How Artists Can Skip the Offline Middleman
Last year, New Jersey indie rockers Maybe Pete released their debut CD Between the City and the Stratosphere. However, when it was time to make a full-length album, the group didn't pursue a recording deal with one of the big music labels or even one of the boutique independent companies (see BusinessWeek.com, 6/28/06, "They Signed Gnarls Barkley").
Earlier, the band, which plays in the New York/New Jersey area, burned copies of their three-song demo and gave them away at their shows and offered them to fans on their Web site. "If they wanted to hear us we told them to send us an e-mail with their address and we'd send them a copy," says Kelly McGrath, the band's guitarist. "So when it was time for us to put out our CD, we had already developed a fan base. The free demo had a lot to do with that."
Then they released their debut online. It was offered on their Web site and their MySpace (NWS) site. Payment was set up through a Paypal (EBAY) account. "We did it all ourselves," says McGrath. All told the band spent about $6,000 and sold out their initial run of 1,000 units. In terms of distribution, McGrath says, "it all came down just to postage. We used MySpace and our e-mail list for marketing. We sold 1,000 CDs. That is a success—if we were on a label that would be a failure…you'd have to press maybe 100,000 copies."
More and more entrepreneurs are using the Internet to do business, including everything from marketing to creating professional logos (see BusinessWeek.com, 4/4/06, "Picture Your Business with a Logo").
And technology is presenting new alternatives for small businesses that were once wholly reliant on large companies and their traditional distribution models. Using the Internet has changed not only these established distribution paradigms but the scale and measurement of success. As a result, many are finding it possible that by doing business online, they can completely cut out the offline middle man.
In the print industry as well, technology has presented authors with a real substitute to traditional publishing. Print-on-demand has completely changed the way books are printed and delivered. For the most part, the big houses tend to concentrate on the hit-makers with huge runs, for example 50,000 to 100,000 copies.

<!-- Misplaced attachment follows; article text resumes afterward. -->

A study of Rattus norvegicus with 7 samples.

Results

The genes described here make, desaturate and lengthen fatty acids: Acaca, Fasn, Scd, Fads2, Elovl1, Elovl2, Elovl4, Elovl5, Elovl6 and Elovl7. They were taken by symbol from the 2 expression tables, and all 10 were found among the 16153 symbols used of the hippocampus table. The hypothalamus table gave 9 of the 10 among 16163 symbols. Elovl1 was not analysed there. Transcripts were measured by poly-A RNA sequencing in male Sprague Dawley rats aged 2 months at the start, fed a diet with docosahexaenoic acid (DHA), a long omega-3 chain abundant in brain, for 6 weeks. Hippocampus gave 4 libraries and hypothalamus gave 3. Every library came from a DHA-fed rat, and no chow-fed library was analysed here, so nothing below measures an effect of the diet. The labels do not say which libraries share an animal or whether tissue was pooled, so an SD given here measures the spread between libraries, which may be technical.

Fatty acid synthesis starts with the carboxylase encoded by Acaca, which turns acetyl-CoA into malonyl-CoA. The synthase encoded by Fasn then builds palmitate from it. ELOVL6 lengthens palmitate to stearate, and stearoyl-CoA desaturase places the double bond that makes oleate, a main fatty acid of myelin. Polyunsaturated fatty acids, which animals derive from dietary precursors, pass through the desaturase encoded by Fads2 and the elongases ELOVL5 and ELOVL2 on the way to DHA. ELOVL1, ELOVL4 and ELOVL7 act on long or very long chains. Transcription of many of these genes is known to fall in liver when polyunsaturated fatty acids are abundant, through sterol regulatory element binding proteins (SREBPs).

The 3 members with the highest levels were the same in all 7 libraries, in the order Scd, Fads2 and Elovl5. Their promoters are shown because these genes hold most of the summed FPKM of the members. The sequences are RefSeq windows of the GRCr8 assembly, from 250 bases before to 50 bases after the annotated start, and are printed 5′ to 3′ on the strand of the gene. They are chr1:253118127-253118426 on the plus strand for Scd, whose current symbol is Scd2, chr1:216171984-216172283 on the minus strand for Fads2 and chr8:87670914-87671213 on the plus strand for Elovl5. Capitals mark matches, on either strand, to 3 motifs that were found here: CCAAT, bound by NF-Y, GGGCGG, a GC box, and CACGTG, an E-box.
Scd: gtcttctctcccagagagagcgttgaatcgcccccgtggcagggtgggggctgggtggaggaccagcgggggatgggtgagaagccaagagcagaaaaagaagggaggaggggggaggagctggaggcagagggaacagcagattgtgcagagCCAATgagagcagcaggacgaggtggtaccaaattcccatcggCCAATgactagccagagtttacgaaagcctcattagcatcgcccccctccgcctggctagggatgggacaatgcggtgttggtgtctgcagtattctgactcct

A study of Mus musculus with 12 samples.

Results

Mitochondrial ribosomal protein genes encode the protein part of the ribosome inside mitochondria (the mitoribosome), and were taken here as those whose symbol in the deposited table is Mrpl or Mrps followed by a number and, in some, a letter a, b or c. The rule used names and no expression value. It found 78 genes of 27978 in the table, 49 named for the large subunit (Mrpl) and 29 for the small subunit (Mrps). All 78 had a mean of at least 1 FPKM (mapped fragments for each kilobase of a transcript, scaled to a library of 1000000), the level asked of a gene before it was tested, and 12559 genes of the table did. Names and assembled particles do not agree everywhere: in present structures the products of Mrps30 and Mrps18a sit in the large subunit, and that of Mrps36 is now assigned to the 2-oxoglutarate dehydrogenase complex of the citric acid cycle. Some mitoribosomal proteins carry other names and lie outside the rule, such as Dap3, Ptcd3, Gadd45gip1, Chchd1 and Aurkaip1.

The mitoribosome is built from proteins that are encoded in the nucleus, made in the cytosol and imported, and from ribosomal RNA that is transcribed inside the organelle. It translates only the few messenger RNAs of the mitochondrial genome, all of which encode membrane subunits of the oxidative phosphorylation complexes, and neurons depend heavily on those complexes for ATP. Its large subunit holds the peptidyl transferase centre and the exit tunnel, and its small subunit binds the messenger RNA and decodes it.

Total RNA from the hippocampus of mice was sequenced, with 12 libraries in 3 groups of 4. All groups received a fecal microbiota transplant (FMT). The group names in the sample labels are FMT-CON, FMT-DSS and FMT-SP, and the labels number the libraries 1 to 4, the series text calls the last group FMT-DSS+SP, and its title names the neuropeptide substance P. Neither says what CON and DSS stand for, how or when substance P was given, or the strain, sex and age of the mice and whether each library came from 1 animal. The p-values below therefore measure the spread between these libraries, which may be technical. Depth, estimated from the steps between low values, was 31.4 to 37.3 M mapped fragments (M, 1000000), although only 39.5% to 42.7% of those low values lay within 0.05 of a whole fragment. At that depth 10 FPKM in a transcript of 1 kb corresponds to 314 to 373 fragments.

SOUP TO NUTS.
That means unknown authors and generally unprofitable genres such as translations and poetry have a hard time getting published. But technology has made it financially viable to print a small number of units and still make money.
For example, online print-on-demand firm iUniverse.com, based in Lincoln, Neb., has helped change the notion of publishing success. Founded in 1999, the company offers a soup-to-nuts approach to publishing, from submitting a manuscript to managing royalty payments to distribution, via an affiliation with bookselling giant Barnes & Noble (BKS). iUniverse publishes over 5,000 new titles each year.
Not only has print-on-demand made it possible to publish books, it has given authors the opportunity to get noticed. For example, Random House published Laurie Notaro's The Idiot Girl's Action Adventure Club a year after she self-published on iUniverse. It became a New York Times bestseller.
And using the Internet can also create a newer way to conduct a relatively new business. Scott Rosenberg, the founder of online media business Platinum Studios, based in Beverly Hills, is staking a claim that the next wave of comic book publishing and distribution will be online.
Ten years ago, Rosenberg who co-founded indie Malibu Comics, sold his firm to giant Marvel Comics. He acquired comic site DrunkDuck.com as a place to launch and distribute new comics online. "We believe very strongly that while print comics will not go away, the market is turning online," says Rosenberg.
He says that for 60 years the comic book universe, dominated by Marvel and DC Comics, has been a traditional print and newsstand distribution business. According to Rosenberg, under this model, the highest selling comics sold 150,000 to 200,000 units with the next rung about 50,000. To break even, a comic had to sell 25,000 to 30,000 copies.
Rosenberg says by going online he can save money and grab a wider mass audience. For one thing, his time to market is faster. According to Rosenberg, it takes at least nine months to launch a new comic in print while online he can shave three to six months off the lead time by distributing the work over the Internet. "We only have to worry about the speed of the creative process," he says.
Moreover, he says that he can save millions on staff overhead as well. "At Malibu Comics we printed 20 [comics] a month and had over 100 employees. Now we have just eight employees and we are dealing with 1,500 to 2,000 creators." As well, he says that he is able to test new concepts without having to spend $100,000 to launch and market a new comic and see the reaction. Online he can post something and see the reaction immediately.
With distribution models in other industries being revamped at similar speeds, small businesses that can find their online audience stand to benefit on a big scale (see BusinessWeek.com, 9/7/06, "Finding Your Online Audience").